I’m quite the admirer of Google, it seems like they have their hand in just about everything. The company actually encourages it’s employees to come up with and develop cool technology by allowing their engineers to spend 20% of their time making whatever they want. From this creative time the engineers get, something called “The Google Art Project” spawned in 2011. The Google Art team has taken on quite a few interesting projects, but most interesting among them are probably the “Gigapixel Camera” and the art close-ups the gigapixel camera is creating, and the many galleries they've brought online.
The Gigapixel Art Camera
Pretty cool name, eh? Well what is a gigapixel? It’s an image with one billion pixels, or approximately 125 times the resolution of a photo taken with an iPhone 6. With that kind of resolution, you can zoom up really really close, like this:
So why does this matter, other than it being fun to zoom in really far on random pieces of art? It’s an inspiration source for artists, a way of spreading the skill wealth so to speak. Abigail Henrie Remington, an accomplished local artist (see her portfolio here), shared her thoughts with us on why Google’s mega camera is relevant to artists: “[Google’s Art Camera] enables the amateur artist to get an idea of how the master rendered the painting. For example, one could zoom in on the skin tone of a Peter Paul Reuben's painting and see that he used not just pink, but purple and red and orange, to color the subject’s skin tone. Another example is that zooming in shows how thick the artist used the paint in some areas. Seeing the texture of a painting gives a lesson on the dimensional perspective, because typically master painters will use thick paint in highlighted areas and thin paint in shadows, to create a more 3 dimensional feel. Now that Google has given me the ability to zoom up on a myriad of masterpieces, I can continually learn from the masters whenever I want.”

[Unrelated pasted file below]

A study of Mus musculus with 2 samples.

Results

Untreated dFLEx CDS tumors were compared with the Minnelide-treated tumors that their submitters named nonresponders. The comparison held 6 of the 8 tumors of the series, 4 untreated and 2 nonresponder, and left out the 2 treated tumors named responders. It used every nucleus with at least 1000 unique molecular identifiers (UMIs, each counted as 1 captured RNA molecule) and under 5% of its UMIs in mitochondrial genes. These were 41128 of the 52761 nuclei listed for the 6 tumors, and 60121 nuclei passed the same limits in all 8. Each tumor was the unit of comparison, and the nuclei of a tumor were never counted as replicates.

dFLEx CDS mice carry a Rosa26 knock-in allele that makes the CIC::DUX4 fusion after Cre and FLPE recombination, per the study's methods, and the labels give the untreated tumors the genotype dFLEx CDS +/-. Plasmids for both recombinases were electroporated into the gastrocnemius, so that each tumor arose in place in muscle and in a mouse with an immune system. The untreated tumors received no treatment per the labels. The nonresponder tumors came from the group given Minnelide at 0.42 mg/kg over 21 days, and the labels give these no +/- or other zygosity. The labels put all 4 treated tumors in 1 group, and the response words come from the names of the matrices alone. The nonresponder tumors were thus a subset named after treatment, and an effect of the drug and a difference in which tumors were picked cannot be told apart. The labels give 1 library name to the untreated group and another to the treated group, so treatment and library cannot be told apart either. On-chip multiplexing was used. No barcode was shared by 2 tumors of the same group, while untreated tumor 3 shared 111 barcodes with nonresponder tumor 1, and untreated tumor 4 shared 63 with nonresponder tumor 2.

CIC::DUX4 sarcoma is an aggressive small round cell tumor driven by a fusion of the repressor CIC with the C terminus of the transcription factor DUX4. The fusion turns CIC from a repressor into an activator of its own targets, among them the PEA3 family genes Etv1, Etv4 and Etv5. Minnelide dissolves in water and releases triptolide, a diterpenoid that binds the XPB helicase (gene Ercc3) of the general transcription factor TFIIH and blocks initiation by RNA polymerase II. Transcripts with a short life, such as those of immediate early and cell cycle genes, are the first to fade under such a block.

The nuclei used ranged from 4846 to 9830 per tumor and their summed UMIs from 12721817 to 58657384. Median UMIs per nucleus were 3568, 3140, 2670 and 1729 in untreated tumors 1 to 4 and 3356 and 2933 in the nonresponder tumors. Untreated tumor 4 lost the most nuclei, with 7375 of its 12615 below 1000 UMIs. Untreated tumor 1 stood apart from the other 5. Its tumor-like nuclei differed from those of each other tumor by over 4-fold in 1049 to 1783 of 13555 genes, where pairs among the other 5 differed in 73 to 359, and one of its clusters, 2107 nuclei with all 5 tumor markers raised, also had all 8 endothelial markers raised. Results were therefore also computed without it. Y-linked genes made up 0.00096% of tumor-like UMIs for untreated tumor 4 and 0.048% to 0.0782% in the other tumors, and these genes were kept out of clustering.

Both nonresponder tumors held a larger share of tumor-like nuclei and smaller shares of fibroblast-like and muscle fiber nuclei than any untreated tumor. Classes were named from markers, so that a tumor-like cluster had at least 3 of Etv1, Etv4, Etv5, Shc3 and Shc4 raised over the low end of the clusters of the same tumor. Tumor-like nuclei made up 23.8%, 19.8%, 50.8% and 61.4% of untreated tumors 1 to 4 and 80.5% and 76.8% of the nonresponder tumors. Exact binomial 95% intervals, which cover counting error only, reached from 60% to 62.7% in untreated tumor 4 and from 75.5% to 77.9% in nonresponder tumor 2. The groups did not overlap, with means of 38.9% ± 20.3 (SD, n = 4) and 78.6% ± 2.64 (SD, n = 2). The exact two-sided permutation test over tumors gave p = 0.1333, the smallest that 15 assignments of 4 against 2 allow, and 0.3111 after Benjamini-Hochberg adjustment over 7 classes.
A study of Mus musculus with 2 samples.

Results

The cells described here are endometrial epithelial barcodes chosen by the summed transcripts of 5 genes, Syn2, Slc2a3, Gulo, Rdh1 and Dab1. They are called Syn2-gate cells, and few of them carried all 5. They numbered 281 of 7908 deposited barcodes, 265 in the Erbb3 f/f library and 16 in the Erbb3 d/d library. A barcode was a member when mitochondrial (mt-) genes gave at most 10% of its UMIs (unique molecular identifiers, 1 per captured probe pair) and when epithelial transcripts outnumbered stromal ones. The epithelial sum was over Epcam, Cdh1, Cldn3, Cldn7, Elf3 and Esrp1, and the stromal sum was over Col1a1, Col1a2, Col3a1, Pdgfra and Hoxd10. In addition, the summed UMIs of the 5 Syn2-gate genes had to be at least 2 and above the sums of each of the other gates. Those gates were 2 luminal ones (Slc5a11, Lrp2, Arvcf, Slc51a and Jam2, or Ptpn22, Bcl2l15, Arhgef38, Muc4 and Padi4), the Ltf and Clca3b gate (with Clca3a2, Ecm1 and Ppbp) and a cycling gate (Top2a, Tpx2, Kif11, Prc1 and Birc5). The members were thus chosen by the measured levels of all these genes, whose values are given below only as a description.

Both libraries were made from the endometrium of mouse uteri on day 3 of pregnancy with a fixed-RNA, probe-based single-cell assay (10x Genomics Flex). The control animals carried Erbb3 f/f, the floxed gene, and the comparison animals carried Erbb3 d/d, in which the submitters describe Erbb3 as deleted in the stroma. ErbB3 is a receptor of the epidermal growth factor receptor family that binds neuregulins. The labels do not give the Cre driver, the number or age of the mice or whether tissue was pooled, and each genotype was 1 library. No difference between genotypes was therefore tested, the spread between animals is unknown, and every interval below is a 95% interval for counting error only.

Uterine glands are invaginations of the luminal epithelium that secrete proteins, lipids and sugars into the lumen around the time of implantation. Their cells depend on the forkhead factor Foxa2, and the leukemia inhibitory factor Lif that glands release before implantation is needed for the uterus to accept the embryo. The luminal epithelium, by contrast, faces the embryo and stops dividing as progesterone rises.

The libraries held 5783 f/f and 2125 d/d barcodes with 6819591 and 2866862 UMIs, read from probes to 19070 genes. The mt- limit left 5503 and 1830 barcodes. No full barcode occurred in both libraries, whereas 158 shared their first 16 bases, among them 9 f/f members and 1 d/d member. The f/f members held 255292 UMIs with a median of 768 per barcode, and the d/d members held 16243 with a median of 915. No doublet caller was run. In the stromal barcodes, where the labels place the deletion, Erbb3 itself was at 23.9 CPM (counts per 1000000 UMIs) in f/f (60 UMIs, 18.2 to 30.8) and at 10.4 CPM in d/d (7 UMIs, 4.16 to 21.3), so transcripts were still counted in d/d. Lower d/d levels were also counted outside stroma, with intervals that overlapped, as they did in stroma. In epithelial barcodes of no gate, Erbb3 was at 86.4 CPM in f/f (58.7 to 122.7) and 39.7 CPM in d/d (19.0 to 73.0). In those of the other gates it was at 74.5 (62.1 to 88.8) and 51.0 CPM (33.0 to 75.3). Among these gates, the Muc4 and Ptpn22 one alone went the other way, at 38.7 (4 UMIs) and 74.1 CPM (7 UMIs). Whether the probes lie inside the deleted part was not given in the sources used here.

A New Kind of Art Gallery
In addition to scanning masterpieces in extreme detail, Google is also documenting whole art movements across the world in really neat ways. For example, using their 360 degree cameras (which they developed for Google Street View), they’ve scanned TONS of beautiful and unique formal and informal art galleries for our viewing pleasure. It is quite nice to see historic art galleries that are separated from us by thousands of miles such as St. Petersburg's State Hermitage museum, but even more impressive are the aforementioned informal art galleries. When I say informal I don’t mean it’s the type of gallery you’d wear flip flops to (but you can if you want actually), it’s the type of gallery you couldn’t experience without Google’s work. The Google Arts & Culture team brings art that is geographically separated that would otherwise be impossible to visit all at once. For example, in order to visit all or even a good percentage of the Philadelphia Mural Art Program’s murals you would need to spend weeks touring Philadelphia’s streets. Instead, you can spend 10 minutes exploring the highlights on Google’s dedicated page for it here. Long story short, The Philadelphia Mural Art Program gives the opportunity for graffiti artists to use their skills for public benefit, and their work so far has been amazing. This promotional video made for the Philadelphia Mural Art Program contains excellent drone footage, check it out!
Because many of us have Rio on our minds during this Olympic season, here's one more for fun. If you'd like to explore this breathtaking view of Rio and the famous Cristo Redentor statue yourself, click here. Use your cursor on a desktop or laptop to click and drag around the screen, or on mobile touch and drag to explore.
Consider yourself warned: If you do click on any one of those links to the Arts & Culture site, prepare to surrender the remainder of your lunch break.